When Harriet Harman hinted that the Government might use equality legislation to force the appointment of more women managers in the banks that we, the taxpayers, now own she certainly ruffled some – mainly male – feathers.
A spokesman for the august British Bankers' Association somewhat patronisingly responded that while – of course – they "would be supportive if a woman was the best person for the job" they were "not in favour of positive discrimination".
Others were more blunt. One unnamed critic in the Daily Mail dubbed the plan "socialism in one clause" which would burden firms with excessive red tape.
But scary or not, there is a chance that the minister could be on to a good thing. The reputation of bankers and financiers is at a low at present, partly because of the madly competitive way that they exposed the institutions they ran to higher and higher risks in pursuit of expansion of profit.
And, of course, women are generally not as competitive as men.
So let us suppose that it had been Freda Goodwin rather than Sir Fred Goodwin running RBS, or Jane, not Sir James Crosby at HBOS, or Eve instead of Adam Applegarth at Northern Rock. Would the reputation of Britain's financial sector be higher or lower than it is now?
This is not a wholly subjective question. There is some science that informs the answer, because of work by a team from Cambridge University who measured testosterone levels in a small group of male City of London traders at 11am and 4pm on a number of days, and matched the results to the same days' levels of profit or loss. They found that testosterone levels were significantly higher on days when traders made more than their average profit.
Financiers are like sportsmen, the study suggested. On days when they have testosterone coursing through their veins, their confidence rises and they produce the results expected of them. But the research pointed to a downside to trading floor frenzy. Too much testosterone can be addictive, driving over excited males to take more and more risky decisions.
John Coates, a research fellow in neuroscience at Cambridge, was on Wall Street during the dotcom bubble. "Many traders at this time displayed manic behaviour and a sense of infallibility," he said. "Equally telling was that women appeared relatively unaffected. Both facts implicated a chemical such as testosterone."
Writing in the Financial Times, he warned that in times of crisis like the current recession, another chemical, cortisol, was also affecting traders who "appear cool and unemotional – but beneath the poker face is an endocrine system on fire." That system can drive traders to the other extreme during bad times, putting them in a condition of "learned helplessness", when they are unwilling to take any risks at all. Having more women and older men around could have a calming effect.
Trevor Phillips, who heads the Equalities Commission, believes that putting more women in charge would go a long way towards restoring public confidence. "In an economic recession, some may be tempted to take their foot off the gas when it comes to tackling inequality, asking if we can afford it. But the truth is, tackling the decades old inequality faced by women should be at the heart of efforts to restore business reputation."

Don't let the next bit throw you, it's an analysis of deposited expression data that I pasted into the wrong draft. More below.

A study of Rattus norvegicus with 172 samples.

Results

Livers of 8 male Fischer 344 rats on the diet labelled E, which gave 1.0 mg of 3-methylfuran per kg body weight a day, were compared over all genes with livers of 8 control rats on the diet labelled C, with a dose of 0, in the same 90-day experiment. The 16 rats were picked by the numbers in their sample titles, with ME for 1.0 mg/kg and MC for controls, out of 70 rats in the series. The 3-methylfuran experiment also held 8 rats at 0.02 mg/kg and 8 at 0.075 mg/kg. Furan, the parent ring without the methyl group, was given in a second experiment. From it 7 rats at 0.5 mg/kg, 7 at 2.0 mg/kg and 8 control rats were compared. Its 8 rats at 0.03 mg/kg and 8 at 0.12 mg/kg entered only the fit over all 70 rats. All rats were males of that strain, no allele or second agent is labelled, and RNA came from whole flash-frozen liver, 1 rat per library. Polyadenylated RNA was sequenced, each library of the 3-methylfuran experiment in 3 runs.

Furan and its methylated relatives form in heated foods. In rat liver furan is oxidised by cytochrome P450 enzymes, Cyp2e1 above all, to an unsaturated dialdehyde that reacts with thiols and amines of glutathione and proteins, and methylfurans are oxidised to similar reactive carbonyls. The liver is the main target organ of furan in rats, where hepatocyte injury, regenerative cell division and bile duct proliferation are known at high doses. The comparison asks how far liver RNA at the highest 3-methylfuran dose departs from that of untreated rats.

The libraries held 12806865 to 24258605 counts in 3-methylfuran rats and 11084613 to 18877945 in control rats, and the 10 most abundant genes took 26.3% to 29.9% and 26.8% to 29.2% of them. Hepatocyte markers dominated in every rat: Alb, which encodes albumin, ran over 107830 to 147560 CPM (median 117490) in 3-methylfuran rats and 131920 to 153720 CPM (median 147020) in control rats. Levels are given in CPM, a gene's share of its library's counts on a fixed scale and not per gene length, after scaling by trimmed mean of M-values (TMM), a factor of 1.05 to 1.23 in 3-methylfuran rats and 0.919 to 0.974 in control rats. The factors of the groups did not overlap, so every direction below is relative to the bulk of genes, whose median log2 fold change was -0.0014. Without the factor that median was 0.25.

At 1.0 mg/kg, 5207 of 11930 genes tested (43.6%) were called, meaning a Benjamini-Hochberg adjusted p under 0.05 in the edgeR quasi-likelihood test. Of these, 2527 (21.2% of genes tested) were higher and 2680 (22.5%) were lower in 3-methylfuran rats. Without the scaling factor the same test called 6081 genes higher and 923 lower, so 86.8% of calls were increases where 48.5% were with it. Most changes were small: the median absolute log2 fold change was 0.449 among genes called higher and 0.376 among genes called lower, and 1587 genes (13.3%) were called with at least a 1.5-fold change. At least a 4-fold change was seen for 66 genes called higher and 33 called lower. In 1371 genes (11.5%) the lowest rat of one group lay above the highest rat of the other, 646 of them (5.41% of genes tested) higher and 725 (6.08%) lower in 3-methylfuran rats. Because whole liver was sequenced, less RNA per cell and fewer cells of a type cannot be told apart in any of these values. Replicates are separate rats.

Muhammad Yunus, among the world's most renowned and respected bankers, whose business has thrived in the current recession, has views about women and money which sound as if they are taken from some feminist manifesto when they actually borne out of experience.
Yunus founded the Grameen Bank 26 years ago, to give the poor of Bangladesh access to small loans which they could use to pull themselves out of poverty. The business became the model for a worldwide movement to relieve poverty through microcredit, and earned him the Nobel Peace Prize in 2006.
The bank started with the principle that women should have the same right to credit as men, and reckoned they would divide their business about 50-50 between the sexes. But experience taught him that although men and women were equally reliable when it came to repaying loans, the loans advanced to women had a more beneficial social effect. "At the beginning we had no idea that this sort of thing would emerge, but it's so clear," he said in a recent lecture. "Women have a longer vision. So we asked another question. We said: 'What's so good about 50-50? – let's change it, because we have got so much social impact.' Quickly, we moved from 50, to 60, to 70, to 90 per cent. Today we have seven and a half million borrowers; 97 per cent are women."
In parts of Asia, it is expected that women control the household budgets, and therefore they are the ones with experience of money management, but a rule that works for basket weavers of Bangladesh does not necessarily translate to the boardrooms of multinational banks.
And there are signs that even the British Bankers' Association may be softening. Angela Knight, who was a treasury minister in the last Conservative government now heads the organisation. She thinks there is a case for more women in boardrooms, but warns against overstating it."
Investing in equality: Careers in banking
* Almost half the women in senior positions in investment banking have no children, according to research from Cranfield University.
* The wage gap in the banking sector is about 40 per cent, almost double the national average of 23 per cent.
* Most investment banks now recruit almost equal numbers of men and women graduates, but at managing director-level, women account for between 5 per cent to 15 per cent of staff.
* Almost three-quarters of City professionals believe the recession will be an opportunity for women to change careers, while 60 per cent think it will reinforce the glass ceiling.